EUGENE, Ore. — It was an emotional scene Tuesday as Eugene residents pleaded to regain access to a beloved piece of land.
Lane County commissioners gave permission for a nonprofit to buy the 63-acre stretch of property.
Those opposed to the plan spoke out at a public hearing before the commission made its decision.
“Glass Bar Island has been a person sanctuary for my family away from the demands of daily life. As a college professor and professional and mother, I’d had the joy of meeting many of intellectuals at Glass Bar Island,” said Douglas County resident Briarlyn McFarland.
Of the residents who spoke Tuesday on Glass Bar Island, they all shared different stories. But their messages were very much the same: This area of land adds something to their lives, and they’re worried they won’t have access to it for much longer.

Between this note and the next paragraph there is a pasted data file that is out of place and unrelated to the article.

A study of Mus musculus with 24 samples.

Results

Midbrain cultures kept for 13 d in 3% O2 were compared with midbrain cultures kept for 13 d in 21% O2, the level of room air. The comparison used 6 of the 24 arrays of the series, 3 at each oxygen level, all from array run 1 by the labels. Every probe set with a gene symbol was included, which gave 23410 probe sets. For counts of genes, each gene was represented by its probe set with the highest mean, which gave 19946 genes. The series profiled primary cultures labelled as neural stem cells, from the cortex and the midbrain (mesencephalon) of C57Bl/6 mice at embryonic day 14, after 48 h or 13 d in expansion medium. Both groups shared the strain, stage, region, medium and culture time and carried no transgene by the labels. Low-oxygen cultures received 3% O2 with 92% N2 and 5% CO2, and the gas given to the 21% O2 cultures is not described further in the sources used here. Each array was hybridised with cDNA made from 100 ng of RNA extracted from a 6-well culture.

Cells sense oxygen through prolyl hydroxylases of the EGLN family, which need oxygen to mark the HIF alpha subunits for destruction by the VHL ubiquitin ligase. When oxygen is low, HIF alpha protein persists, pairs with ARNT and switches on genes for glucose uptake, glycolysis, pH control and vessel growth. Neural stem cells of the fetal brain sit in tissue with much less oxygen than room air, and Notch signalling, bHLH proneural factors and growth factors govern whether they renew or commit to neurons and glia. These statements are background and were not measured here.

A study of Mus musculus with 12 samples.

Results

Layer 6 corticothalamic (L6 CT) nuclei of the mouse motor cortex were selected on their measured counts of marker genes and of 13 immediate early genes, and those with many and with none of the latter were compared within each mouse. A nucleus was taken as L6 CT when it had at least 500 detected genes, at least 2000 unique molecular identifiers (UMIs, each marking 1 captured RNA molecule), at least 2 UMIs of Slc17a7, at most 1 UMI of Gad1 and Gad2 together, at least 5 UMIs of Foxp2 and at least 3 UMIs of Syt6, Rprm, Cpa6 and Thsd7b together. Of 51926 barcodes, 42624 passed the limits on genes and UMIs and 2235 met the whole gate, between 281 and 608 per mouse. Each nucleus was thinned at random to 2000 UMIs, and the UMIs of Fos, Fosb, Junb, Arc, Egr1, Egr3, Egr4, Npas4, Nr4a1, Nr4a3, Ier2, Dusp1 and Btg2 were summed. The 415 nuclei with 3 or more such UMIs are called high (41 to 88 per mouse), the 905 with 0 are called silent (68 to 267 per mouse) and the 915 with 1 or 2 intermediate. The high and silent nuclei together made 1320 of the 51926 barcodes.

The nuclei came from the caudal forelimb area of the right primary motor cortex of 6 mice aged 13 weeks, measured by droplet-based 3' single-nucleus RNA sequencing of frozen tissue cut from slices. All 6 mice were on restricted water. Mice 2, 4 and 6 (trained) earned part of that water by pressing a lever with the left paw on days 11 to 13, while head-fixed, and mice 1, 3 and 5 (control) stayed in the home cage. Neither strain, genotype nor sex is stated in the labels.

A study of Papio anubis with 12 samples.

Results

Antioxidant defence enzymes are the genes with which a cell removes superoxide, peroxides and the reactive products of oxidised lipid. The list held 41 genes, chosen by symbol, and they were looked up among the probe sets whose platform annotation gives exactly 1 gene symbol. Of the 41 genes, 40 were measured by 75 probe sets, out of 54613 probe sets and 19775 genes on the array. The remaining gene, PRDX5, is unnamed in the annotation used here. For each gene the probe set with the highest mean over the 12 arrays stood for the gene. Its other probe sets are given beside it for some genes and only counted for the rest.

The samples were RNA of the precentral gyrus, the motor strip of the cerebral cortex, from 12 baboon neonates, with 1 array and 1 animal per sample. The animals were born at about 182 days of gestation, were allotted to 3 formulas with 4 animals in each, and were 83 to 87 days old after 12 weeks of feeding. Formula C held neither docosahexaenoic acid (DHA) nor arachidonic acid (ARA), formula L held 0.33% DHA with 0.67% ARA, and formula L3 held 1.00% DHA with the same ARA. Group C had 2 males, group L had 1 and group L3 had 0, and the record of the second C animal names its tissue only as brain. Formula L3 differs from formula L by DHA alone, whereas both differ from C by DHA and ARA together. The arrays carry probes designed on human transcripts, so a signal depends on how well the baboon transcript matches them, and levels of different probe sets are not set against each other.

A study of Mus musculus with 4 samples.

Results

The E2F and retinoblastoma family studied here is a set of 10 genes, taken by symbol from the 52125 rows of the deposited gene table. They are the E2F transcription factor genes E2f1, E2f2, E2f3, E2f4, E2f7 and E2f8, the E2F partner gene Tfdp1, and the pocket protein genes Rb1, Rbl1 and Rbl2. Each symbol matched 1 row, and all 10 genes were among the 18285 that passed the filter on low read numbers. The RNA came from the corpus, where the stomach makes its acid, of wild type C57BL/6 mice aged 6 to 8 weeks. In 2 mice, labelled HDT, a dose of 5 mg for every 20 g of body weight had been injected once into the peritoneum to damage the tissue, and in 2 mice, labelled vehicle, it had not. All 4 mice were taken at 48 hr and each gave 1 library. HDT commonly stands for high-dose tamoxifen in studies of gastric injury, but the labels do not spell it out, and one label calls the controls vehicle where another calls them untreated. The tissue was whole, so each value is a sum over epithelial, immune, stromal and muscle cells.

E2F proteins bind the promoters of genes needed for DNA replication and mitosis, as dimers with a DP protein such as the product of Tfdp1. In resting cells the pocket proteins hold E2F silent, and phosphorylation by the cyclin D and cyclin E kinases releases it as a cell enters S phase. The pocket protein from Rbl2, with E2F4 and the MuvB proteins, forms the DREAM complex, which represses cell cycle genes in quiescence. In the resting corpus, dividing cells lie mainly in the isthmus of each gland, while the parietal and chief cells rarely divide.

“Blocking off access to this land is more than just blocking off access to the Willamette River. It’s blocking off access to human communities. There’s a community and a real human heart and participation and people out there who really care about each other and the land,” said Eugene resident Billy Hatch.
There are “No Trespassing” signs are up, and people aren’t allowed to be there anymore. Now the county says the reason why they have it blocked off is because they can’t afford the upkeep for the area.
“The partnership with friends of Buford Park will actually make this more accessible in the future,” said Anne Marie Levis, Lane County spokeswoman.
County leaders say this isn’t about banning access and that the “No Trespassing” signs are only temporary while they try to figure out what to do with the area. And now that they have decided to allow Friends of Buford Park to move forward with buying and maintaining the land, the goal is safety and restoration.